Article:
Middle East’s Careem is the latest ride-sharing unicorn to get an India-based tech team | Industry
India is the new tech outsourcing destination for ride-hailing companies.
Southeast Asia’s Grab and Go-Jek both have sizable engineering teams in the country, and now that duo is joined by another billion-dollar company. Careem, which is based in the Middle East and valued at over $1 billion, has entered the fray after it snapped up the talent behind bus-shuttle service Commut.
The deal is a talent acquisition — ‘acquihire’ — and not Careem entry’s into India. The deal will see the team at Hyderabad-based Commut join up with Careem to work on “complex local problems” in its markets in the Middle East. Commut’s service — which the startup says served some 70,000 consumers — will be folded into rival company Shuttl .
“As Careem expands across its technology platform, we will continue to acquire and invest in high impact, relevant and values driven technology businesses and start-ups that can accelerate growth,” the company said in a statement.
Commut had raised just $200,000 from investors, according to Crunchbase. Shuttl, meanwhile, has pulled in over $30 million from investors that include Sequoia India and Amazon.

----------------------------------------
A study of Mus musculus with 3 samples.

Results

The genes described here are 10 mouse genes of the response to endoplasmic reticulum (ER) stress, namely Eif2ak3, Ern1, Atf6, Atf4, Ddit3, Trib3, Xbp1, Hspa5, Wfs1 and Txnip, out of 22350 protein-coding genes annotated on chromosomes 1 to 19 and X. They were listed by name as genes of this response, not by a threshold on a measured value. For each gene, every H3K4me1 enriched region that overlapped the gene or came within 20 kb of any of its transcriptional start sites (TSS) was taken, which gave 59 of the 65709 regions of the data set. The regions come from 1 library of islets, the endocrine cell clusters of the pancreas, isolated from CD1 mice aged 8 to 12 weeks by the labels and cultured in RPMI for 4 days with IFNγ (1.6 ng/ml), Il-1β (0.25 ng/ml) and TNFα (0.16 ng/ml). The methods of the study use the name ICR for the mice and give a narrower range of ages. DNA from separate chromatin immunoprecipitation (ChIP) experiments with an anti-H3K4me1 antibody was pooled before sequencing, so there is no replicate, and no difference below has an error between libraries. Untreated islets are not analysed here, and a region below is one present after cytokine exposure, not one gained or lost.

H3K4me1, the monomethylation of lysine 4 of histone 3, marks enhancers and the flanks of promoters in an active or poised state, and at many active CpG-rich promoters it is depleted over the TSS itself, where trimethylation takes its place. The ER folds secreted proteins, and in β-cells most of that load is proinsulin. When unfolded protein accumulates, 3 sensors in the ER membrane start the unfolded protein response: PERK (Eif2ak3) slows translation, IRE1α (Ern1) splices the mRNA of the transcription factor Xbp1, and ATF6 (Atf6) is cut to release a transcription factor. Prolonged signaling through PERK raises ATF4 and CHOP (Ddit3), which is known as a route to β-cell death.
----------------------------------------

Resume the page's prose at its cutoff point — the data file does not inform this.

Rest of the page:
Go-Jek first got into India through four acquisitions in 2016 that helped build out a tech and engineering team. It was rumored to be considering an India expansion, but instead it has stuck to Southeast Asia with an initial move into Vietnam. Go-Jek is rolling out its service in Thailand, with further expansions to both Singapore and the Philippines planned.
Grab, meanwhile, opened an engineering center in India in 2017 and it added to its presence when it acquired Indian startup iKaaz earlier this year in a deal to grow its mobile payment chops. Grab, which is valued at $11 billion, also has engineering centers in China, the U.S, Vietnam, Singapore, Malaysia and Indonesia.
While Grab, and to a lesser extent Go-Jek, forced Uber from the Middle East, Careem has been linked with an acquisition from Uber. Despite some media reports suggesting a deal could happen, investors told TechCrunch that “everyone is talking to everyone” in the ride-hailing space. Regardless, Careem is ploughing on with plans to scale its business, it seems.
Careem hasn’t raised since a $500 million round last summer. A Bloomberg report in May suggested that it is considering another $500 million raise that could push its valuation past $1.5 billion.